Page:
Automobiles are technologically sophisticated and connected. Newer vehicles include advanced sensor technologies to improve safety, and manufacturers continue to incorporate more sensors to provide real-time data from the external environment to the driver and the car’s control systems. These sensors enable many safety features: early warning, corrective steering and braking systems encompassing lane departure, adaptive cruise control, autonomous emergency braking and blind-spot detection.
Nevertheless, new solutions are needed to increase safety and achieve truly autonomous driving - at level 5 of the Society of Automotive Engineers capability scale. Recent research and investment have targeted sensor technologies such as LiDAR and enhanced passive imaging, i.e., cameras. Some industry pundits have posted that autonomous driving vehicles will include a very rich portfolio of these optical sensors on the path to levels 4 and 5. Perhaps counterintuitively, radar, which has been a mainstay in vehicles for some years, has not achieved the same fanfare as LiDAR, since radar already offers a stable, all weather, cost-effective sensor to help enable the current levels of autonomy and safety. On the other hand, compared to optical technologies, one radar weakness is angular resolution, defined as the minimum angle the radar can distinguish and separate two equally large targets at the same range.
This article discusses the application of new technology and advanced signal processing that will enable radar to do much more. First, basic concepts about angular resolution and antenna patterns in radar will be described. Then, Uhnder’s development of digital code modulation (DCM) radar with coherent MIMO technology will be discussed, outlining its advantages compared to state-of-the-art radar technology.
A radar’s angular resolution is directly proportional to the effective area of its antenna array, typically referred to as the antenna aperture. As shown in Figure 1, when defining angular resolution, the main lobe half-power points (−3 dB) of an antenna’s radiation pattern are normally specified as the limits of the antenna’s beamwidth. Two identical targets at the same distance are resolved in angle if they are separated by more than the −3 dB beamwidth. In the common driving scenario shown in Figure 1, to distinguish two identical cars at a slant range, R, from the sensor and spaced at distance, d, from each other, the required angular resolution is defined by the following expression:
For example, if d = 4 m and R = 125 m, an antenna beamwidth of 1.8 degrees is required to achieve this angular resolution. This case exemplifies the scenario where the vehicle needs to decide whether the lane between the two cars is occupied. It is a challenging requirement for currently deployed automotive radars, which achieve a few degrees of angular resolution at the expense of having a very narrow field of view (FOV) and ambiguity in angles (i.e., allowing targets from multiple angles to fold onto each other). Fortunately, that issue can be solved with a coherent MIMO radar.
To understand the MIMO radar, refer to Figure 2a, which shows the physical antenna configuration for a quasi-monostatic radar. A single transmit (Tx) and eight receive (Rx) antennas provide closely located channels, forming a single-input-multiple-output (SIMO) radar. The distance x between the Rx antennas is chosen to achieve the desired unambiguous FOV:
where λ is the wavelength. This unambiguous FOV defines the angular region within which the target directions are uniquely identified, assuming all targets are within this region. Targets beyond this region will appear to fold into it and cannot be distinguished from the targets within the region. The FOV will be maximum (±90 degrees) when x = λ/2. That is the preferred choice to avoid ambiguities when estimating target directions. When Tx1 sends a waveform, the eight Rx antennas will receive an attenuated copy of the signal, shifted in phase by a constant Φ between each of the eight Rx antennas. The phase shift is computed from:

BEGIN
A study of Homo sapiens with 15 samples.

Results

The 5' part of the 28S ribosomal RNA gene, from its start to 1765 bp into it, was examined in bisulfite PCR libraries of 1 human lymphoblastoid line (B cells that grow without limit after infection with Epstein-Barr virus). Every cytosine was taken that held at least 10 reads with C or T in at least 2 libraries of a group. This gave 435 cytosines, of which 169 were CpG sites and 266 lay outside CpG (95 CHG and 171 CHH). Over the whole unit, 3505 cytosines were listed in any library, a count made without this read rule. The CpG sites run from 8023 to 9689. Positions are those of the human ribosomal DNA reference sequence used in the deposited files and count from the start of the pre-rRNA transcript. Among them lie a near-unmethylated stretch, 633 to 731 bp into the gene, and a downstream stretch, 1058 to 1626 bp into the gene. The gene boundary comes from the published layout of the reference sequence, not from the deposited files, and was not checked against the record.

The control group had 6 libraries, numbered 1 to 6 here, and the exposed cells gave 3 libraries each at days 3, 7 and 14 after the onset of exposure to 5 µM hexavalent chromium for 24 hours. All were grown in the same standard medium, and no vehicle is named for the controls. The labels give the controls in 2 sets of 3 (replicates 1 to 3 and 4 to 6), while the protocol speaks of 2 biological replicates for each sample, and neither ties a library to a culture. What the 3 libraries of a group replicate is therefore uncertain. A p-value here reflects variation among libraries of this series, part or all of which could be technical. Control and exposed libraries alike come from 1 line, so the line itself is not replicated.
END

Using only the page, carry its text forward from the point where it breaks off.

where θ is the angle of arrival or the target’s direction. From the receiving antenna Rx1 to Rx8, the total phase shift will be 7Φ.
A completely equivalent result can be achieved with a thin MIMO array, shown in Figure 2b, which is formed with two Tx antennas separated by 2λ and four Rx antennas separated by λ/2. In this case, each Rx antenna will receive a pair of waveforms, Tx1 and Tx2. For the Rx channels to separate the signals coming from the two Tx antennas, the transmitters need to generate orthogonal waveforms. After matched filtering of the two Tx waveforms, to separate the received signals from the two transmitters at each receive antenna, eight virtual receivers (VRx) are created (i.e., 2 x 4 = 8), which have equivalent phase shifts as the configuration of Figure 2a.
The single and dual Tx configurations provide equivalent angular resolution. However, the MIMO architecture uses only six antennas, compared to nine with the SIMO design. The reduction in hardware with the MIMO version is a significant advantage.
This same principle, on an entirely different scale, was used in space research to create the first direct images of a black hole. Astronomers created a “virtual telescope,” a planet-scale array comprising eight radio telescopes, to increase the antenna aperture and improve angular resolution down to 20 μarcseconds - 3 million times sharper than 20/20 vision.1
An antenna array, like those in Figure 2, will have a beamwidth given by:
where NTx and NRx are the number of Tx and Rx antennas, respectively. Both arrays have an angular resolution of approximately 14 degrees. For comparison, Figure 3 shows the achievable angular resolution at boresight (θ = 0) versus the number of Rx and Tx antennas. From the figure, an angular resolution of 1.8 degrees can be achieved with a configuration combining eight Rx and eight Tx antennas.